There are many mistakes to be made. If you are a leader and you are human (not many robots read ThadThoughts), just accept that you will make some.
Thankfully, the mistakes we make don’t have to be repeated. And we can learn from out mistakes as well as the mistakes of others.
Below is a short list of mistakes we can make in leadership and ways to avoid them. This isn’t exhaustive (meaning I likely will make a few more along the way and have more to write about).
1. Not listening to people who have walked the path. The hardest part about being a young leader is that you think you already know everything there is to know about leading in your context. You don’t. The Antidote: Listen to the wisdom of those who have led before you (whether in your company/field or not).
2. Not getting the best out of your team. You can hire well, and fire rarely, but even if you succeed in both of those areas you won’t get the best from your team if you don’t learn what they aspire to and arrange your team accordingly. Good people doing mediocre tasks does not result in excellence. The Antidote: Listen to the aspirations of your team and arrange accordingly.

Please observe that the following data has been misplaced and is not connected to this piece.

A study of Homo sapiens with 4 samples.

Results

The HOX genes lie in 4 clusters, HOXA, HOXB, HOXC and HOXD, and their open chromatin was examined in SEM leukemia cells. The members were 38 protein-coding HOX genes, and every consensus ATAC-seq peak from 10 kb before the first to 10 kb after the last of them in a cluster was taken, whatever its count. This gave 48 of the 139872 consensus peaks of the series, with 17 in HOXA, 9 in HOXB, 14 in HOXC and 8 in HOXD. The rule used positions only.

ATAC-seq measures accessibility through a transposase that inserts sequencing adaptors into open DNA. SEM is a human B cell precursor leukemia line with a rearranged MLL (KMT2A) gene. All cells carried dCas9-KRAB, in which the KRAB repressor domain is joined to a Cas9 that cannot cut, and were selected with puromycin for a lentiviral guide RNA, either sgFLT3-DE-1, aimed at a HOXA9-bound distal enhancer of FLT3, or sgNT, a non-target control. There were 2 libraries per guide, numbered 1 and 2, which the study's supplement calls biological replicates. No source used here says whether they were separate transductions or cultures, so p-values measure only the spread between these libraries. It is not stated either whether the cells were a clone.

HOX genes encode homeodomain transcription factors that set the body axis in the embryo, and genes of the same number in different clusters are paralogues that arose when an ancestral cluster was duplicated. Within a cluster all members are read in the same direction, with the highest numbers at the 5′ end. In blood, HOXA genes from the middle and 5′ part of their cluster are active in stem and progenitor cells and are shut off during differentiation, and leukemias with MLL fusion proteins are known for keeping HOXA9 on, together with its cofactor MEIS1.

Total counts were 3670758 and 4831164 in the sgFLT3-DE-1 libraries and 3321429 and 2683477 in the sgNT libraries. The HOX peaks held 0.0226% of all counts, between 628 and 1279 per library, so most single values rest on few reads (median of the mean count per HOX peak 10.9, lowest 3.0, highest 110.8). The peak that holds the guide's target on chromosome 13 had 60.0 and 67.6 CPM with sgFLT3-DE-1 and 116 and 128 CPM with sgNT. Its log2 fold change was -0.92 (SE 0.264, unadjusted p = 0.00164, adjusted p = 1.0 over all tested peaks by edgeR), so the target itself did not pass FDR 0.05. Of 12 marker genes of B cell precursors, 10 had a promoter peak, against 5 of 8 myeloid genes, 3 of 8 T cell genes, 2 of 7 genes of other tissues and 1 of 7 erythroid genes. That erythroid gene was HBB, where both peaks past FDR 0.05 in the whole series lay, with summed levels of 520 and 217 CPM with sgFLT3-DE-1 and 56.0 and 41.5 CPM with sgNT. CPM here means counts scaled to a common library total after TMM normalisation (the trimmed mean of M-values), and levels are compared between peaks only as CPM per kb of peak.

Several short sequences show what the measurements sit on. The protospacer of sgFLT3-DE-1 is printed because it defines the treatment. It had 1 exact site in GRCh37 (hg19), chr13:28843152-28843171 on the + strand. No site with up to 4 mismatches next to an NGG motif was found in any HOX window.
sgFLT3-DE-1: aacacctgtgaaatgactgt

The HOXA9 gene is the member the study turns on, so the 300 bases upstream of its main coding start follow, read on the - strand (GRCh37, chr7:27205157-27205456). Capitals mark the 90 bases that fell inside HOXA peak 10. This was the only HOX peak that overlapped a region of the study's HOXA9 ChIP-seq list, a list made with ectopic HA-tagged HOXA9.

It may be easier to “chill out a fool on fire, than to raise the dead.” This may entail people departing, but even that doesn’t have to be failure.
3. Not getting the best out of you. Working from habit rather than passion. The hardest part about being an older leader is that you think you still lead from passion, when, without explicit steps to avoid doing this, you actually are only leading from habit. The Antidote: Keep learning new things. Tackle new endeavors and new areas of learning constantly. Read incessantly.
4. Not focusing on the future because you are still reliving the successes of the past. When you work harder to protect what you have achieved than you work to achieve even greater things, you might as well give up. The past is gone. True success is forward thinking. The Antidote: Spend more time “visioneering” and less time reliving past victories.
The problem with living in the past is that to people new to your team, it looks like you are more interested in what you have already done than in what you have yet to do. That’s not motivating.
What about your experiences? Have you learned anything about leading through making mistakes? What have you done with what you’ve learned?